Saturday, July 30, 2005

News sources lag behind in discovering and reporting online threats to consumers’ identities

Powerful Web-based people search engines are just now receiving official attention from the press. Yet these services, which offer Web users significant search capabilities for free or minimal fees, are well-established and nothing new. The media must dig deeper to help those whose main source to learn about threats is the news.

Penetrating search engines that dredge up hard-to-find information on people have been around for a while. It is worrisome that supposedly savvy media such as the high technology press are just now reporting the phenomenon.

On July 25, PC World ran an article by Andrew Brandt covering Zabasearch, one such search engine. According to the article, Zabasearch will sell detailed background information to any user for $20. This is significant. Public documents containing the same data have been available for years but difficult to find. Zabasearch makes the search far easier and accessible to anyone online, not just credit collectors and others whose businesses may require the capability.

It’s great to read warnings about Zabasearch in the news, but they come a year too late. Zabasearch and its questionable services, all serious threats to consumers’ identities, have been online and available for quite some time. Public records, which officials post online, are gold mines for thieves and available to anyone with a little know-how.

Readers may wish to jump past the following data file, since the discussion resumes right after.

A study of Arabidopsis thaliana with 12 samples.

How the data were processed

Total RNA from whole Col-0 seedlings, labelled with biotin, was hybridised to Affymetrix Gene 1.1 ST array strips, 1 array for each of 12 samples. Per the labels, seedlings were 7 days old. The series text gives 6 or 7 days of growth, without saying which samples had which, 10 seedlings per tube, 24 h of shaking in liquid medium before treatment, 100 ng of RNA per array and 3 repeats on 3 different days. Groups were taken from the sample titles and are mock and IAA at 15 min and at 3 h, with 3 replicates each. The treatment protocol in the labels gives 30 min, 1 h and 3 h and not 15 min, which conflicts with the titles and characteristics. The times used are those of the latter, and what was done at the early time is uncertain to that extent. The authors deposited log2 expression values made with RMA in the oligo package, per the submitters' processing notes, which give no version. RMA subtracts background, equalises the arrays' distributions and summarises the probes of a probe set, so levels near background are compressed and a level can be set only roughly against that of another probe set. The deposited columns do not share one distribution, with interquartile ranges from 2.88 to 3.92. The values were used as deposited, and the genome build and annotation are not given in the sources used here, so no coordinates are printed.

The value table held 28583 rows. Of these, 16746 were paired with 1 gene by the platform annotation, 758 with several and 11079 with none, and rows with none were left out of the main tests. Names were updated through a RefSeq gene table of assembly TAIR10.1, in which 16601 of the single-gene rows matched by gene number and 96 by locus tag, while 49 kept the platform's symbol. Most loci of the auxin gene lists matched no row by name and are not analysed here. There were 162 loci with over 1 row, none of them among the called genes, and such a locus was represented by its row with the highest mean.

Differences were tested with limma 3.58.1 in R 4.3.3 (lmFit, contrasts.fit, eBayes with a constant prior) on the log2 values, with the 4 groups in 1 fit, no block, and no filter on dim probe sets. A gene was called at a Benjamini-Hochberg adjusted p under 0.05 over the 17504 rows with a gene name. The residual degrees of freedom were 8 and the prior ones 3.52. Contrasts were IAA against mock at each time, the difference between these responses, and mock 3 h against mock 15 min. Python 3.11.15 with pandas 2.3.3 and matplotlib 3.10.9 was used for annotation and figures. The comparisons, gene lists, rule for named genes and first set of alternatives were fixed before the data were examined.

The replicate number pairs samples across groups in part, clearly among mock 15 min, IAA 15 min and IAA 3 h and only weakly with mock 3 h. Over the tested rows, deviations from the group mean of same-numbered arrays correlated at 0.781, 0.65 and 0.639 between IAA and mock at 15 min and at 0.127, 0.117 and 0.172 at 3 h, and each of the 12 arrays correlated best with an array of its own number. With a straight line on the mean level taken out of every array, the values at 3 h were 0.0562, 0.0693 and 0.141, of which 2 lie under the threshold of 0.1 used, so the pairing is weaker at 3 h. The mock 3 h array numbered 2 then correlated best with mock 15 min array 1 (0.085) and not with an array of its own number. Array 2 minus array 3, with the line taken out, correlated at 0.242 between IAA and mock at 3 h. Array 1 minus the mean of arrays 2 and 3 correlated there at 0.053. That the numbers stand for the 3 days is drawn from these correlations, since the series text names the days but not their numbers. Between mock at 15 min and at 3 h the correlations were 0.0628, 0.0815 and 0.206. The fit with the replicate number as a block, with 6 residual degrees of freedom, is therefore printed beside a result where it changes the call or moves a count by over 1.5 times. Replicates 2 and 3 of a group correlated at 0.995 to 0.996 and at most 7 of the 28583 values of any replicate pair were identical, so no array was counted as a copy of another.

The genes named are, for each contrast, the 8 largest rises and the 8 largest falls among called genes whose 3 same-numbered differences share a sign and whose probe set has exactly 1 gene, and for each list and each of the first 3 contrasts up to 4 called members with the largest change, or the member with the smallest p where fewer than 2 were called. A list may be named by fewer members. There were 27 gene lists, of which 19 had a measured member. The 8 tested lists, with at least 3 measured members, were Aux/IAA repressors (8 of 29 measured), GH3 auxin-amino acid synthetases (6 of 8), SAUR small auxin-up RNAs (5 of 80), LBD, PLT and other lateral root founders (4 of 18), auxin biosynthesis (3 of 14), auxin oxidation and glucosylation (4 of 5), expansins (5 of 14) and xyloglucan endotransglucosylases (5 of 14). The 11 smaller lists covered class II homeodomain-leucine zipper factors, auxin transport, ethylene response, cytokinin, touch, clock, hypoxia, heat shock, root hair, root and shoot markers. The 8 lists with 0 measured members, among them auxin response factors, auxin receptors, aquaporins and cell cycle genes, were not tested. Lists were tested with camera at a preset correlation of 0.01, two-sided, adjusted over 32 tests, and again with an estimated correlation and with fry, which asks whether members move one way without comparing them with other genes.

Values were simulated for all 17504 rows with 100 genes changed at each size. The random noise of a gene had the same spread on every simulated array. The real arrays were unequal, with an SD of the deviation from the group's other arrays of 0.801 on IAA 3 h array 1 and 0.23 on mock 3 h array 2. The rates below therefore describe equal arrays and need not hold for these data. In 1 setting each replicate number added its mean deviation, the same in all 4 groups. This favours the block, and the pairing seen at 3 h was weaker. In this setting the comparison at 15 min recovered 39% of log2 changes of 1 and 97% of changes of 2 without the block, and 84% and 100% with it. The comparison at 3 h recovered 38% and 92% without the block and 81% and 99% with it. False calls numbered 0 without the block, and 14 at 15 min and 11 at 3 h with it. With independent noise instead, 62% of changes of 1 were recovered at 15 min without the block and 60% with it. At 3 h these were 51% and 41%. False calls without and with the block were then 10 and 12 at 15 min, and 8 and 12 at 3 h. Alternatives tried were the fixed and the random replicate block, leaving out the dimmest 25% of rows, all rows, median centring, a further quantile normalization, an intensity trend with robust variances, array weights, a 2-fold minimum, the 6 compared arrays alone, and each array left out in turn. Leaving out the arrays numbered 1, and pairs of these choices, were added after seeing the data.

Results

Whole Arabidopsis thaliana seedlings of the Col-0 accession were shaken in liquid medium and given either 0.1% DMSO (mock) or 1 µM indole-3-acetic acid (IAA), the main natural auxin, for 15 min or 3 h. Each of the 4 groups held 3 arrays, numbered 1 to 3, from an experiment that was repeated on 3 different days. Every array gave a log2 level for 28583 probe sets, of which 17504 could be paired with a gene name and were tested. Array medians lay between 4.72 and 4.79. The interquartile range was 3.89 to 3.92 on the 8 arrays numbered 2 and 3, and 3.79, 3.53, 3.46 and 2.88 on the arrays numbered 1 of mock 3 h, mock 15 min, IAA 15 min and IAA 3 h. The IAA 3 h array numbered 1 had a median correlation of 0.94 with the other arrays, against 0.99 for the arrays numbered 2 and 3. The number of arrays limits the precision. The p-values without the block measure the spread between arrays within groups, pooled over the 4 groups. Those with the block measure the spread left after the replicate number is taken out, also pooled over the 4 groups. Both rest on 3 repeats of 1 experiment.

I recently conducted a search of my own online and was easily able to find information on Jeb Bush and his wife, Colin Powel and his wife, and CIA Director Porter Goss and his wife—all legally. For this kind of data to be available at a few strokes of the keyboard and clicks of the mouse speaks volumes of the identity theft threat.

The problems that aid and abet identity thieves are found in the firmly established processes for storing public and private data. Meaningful steps toward the eradication of identity theft will never be realized until we chip away at entrenched, longstanding practices that make identity theft one of the easiest crimes to commit.